Author: Sue Grafton
Unless you have lived under a rock for the past, um, most of my lifetime, you have probably heard of Sue Grafton’s mystery series. They start with A is for Alibi and follow Private Investigator Kinsey Millhone (two L’s, rhymes with Bone) on adventures in Private Investigating, and the ongoing stories of her and a few friends. X is the 24th installment. (Note, We reviewed W is for Wasted, and her Kinsey & Me short story collection in 2013.)
So, I put my name down at the library to be on the hold list for this book something like six months ago. Basically, as early as I could. The result is that aside from the librarian that put the book in the system, I’m the only person that had reason to crack the cover, and it still has that new book smell. Woohooo! (Hey, it’s like Christmas for someone like me. Don’t judge.)
Anyway, I recived the book about a week ago, and once I started reading it made relatively quick work of it.
The story starts with a prologue that is 100% not needed, and really, the book would have had a larger impact if it weren’t there at all, and said prologue is, quite frankly, quite boring. Once you get into the story itself, we find Kinsey on a simple job of finding contact info for a recently released ex-con who is the long abandoned child of a society chick who would like to find him. While that’s going on, Henry, her landlord, is 89 years young and on a kick to conserve water because it’s California [Note: the books take place in the late 80s. Yes, there was a drought, but nothing like we have now], and a new
woman, Edna, has moved in next door. Kinsey also has a little bit going on with the stuff Pete left behind (we saw him in the last book).
Of course the story of the woman finding her son is bogus, and Kinsey is soon thrown into a world of secrets and lies and a very confusing set of circumstances to see how all of it is connected.
About the book. First of all, I’m not going to lie. The title of the book just outright pisses me off. Readers have spent THIRTY YEARS reading this author, and many of us have collected the series. In fact, I first discovered it in hardback and I’ve collected the whole series that way. L is for Lawless, M is for Malice, N is for Noose… etc. So what do we have when we get here? X. A big, fat, red X. We could have had X is for Xenomania or Xenophobia (a mania or phobia of foreign things), Xenosaurus (I mean, who doesn’t love Mexican lizards?), Xeranthemums (its a plant), Xerophilious (drought-loving -hey, it fits with everything Henry’s doing!), Xystus (a long, open portico. Also, I like saying Xystus. Xystus. XYSTUS!) or xeransus (drying up), or xylopyrography, which involves carving things in wood with a hot iron or a number of other awesome X words that most people never learned in school because school isn’t cool like that. And maybe somebody not crazy into books won’t be annoyed by this, but I ran it past several book-loving friends and they agree with me. When you have a 26 book hardcover set sitting on a shelf, you expect all of them to look like they go together. Not 25 of them and what’s this with the big red X.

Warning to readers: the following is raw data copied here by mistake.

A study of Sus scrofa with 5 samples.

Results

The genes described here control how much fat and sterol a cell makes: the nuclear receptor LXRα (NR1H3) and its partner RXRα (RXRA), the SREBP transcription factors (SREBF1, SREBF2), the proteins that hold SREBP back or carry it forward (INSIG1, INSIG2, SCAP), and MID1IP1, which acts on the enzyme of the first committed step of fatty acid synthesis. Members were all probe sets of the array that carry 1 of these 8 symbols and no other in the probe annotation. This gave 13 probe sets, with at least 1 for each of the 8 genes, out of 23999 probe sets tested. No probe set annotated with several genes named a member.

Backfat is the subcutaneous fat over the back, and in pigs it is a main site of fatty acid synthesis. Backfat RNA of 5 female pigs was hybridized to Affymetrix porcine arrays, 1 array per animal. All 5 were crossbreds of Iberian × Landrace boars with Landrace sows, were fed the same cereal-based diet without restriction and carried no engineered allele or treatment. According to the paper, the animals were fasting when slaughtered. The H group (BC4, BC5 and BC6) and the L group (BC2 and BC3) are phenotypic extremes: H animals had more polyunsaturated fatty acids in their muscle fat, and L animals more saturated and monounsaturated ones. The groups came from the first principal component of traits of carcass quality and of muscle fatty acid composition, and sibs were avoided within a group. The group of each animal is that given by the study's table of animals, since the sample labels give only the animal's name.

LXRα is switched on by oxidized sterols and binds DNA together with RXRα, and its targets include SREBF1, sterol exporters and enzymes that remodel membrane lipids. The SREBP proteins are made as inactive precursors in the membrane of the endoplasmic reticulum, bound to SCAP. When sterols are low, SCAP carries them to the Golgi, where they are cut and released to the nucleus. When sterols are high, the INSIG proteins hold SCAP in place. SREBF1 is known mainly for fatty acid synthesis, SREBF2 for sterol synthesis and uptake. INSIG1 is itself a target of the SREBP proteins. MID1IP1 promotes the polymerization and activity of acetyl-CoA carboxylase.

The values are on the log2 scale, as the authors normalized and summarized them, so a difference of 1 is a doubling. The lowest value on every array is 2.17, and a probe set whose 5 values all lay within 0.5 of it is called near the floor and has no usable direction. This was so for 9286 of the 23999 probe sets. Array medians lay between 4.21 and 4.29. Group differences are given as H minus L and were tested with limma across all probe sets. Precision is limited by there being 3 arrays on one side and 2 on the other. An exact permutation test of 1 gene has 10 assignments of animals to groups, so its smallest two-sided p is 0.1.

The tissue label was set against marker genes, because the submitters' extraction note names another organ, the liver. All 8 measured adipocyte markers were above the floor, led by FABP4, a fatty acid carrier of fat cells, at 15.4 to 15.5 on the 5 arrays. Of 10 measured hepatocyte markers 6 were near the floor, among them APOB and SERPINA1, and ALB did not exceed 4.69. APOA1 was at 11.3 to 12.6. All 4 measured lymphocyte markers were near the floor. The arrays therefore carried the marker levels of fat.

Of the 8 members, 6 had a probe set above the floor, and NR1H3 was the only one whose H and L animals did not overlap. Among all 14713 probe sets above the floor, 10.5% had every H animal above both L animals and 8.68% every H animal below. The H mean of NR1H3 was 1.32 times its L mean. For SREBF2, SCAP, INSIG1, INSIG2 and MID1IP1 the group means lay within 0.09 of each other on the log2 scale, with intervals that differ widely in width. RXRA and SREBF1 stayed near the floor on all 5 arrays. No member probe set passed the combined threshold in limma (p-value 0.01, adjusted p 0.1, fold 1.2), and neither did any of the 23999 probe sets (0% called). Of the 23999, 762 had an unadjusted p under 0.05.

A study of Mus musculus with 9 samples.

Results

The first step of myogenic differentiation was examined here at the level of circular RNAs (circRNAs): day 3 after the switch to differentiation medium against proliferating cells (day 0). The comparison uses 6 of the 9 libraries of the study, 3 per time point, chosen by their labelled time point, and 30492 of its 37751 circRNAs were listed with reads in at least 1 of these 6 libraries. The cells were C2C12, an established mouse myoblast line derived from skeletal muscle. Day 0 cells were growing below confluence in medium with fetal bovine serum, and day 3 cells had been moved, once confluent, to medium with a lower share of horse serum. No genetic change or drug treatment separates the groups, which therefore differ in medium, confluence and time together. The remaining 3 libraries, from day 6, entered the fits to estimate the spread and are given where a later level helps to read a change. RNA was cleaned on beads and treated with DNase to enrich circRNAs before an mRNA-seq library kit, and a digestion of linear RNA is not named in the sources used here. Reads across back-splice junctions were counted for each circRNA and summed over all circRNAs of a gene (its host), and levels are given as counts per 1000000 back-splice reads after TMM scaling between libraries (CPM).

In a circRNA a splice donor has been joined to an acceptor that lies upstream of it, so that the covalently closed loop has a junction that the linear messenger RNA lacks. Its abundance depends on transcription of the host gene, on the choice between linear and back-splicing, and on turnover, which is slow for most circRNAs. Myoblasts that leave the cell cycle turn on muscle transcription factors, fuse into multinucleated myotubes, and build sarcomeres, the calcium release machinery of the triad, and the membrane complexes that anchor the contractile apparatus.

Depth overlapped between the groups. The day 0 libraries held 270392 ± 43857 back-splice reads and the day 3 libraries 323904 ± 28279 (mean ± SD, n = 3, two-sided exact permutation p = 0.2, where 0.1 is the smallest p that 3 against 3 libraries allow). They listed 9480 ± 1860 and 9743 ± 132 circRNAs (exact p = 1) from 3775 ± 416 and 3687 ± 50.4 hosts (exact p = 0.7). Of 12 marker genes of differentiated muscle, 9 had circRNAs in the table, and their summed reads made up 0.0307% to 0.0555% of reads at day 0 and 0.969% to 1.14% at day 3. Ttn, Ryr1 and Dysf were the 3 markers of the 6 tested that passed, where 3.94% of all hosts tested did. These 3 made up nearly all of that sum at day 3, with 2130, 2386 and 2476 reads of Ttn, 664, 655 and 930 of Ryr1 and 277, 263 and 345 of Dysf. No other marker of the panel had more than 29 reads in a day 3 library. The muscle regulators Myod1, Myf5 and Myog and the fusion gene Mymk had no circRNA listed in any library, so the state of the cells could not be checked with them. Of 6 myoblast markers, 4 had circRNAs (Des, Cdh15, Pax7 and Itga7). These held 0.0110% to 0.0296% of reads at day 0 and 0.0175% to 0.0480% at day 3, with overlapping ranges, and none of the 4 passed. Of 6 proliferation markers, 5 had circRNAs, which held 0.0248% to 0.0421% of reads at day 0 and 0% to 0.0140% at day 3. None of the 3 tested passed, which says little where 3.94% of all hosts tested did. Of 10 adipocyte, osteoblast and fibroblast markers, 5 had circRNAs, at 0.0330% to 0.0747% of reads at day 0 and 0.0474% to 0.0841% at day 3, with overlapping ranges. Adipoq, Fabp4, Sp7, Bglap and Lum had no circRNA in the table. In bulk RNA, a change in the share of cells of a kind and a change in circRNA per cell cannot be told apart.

That out of the way, like I said, the prologue was pointless and boring. Actually, the prologue wasn’t pointless, but I suspect it saved Sue several pages later on in the book so she did it because it was easy. But boring. As were the first few chapters. Case in point, my mother and I have both read the previous 24 books (A-W and the collection) and she couldn’t get started. I had wanted to read them together but I had to finally tell her that you have to suffer through the beginning to enjoy this thing. So my advice to readers is to make it to chapter five and then you’ll be okay.
There are a few cute points at the begining. Kinsey’s ongoing dealings with Henry’s cat, Ed, for instance. Although Sue forgets the cat after about the first hundred pages, so it almost feels like a loose end she forgot to tuck in. And some very annoying things, like Edna next door. Also, some of the ongoing things felt a little TOO contemporary (an issue I had with some stuff in the last book too) But once the book hits about chapter 5, Sue really found her rhythm for a while and the book felt wonderfully like the middle of the alphabet, where I think the series really had a nice stride (L is still my favorite).
Most of the book, though, is spent wondering when the two main story lines – the fake person using Kinsey to get info and the stuff with her now-dead former colleague – are going to tie in together. And somewhere around chapter 25 or 26, I really wished she’d just get the hell on with it by now. I’m pretty sure the book could have been about fifty pages shorter. Which is odd because of what I’m about to say next, which is that the ending felt a little rushed and I think it needed about ten more pages back there.
Still, I *wanted* to finish it and find out what happened and see the story lines fit together and watch what happened to Edna and everything else, and the book made me feel happy to be reading the series again.
So my rating comes with a bit of advice. Stick out the begining – and really, skip the damn prologue if you’d like – and if you can make it to chapter 5, you’re golden. The overall book far outweighs my issues with it and I give it a solid 4/5 rating.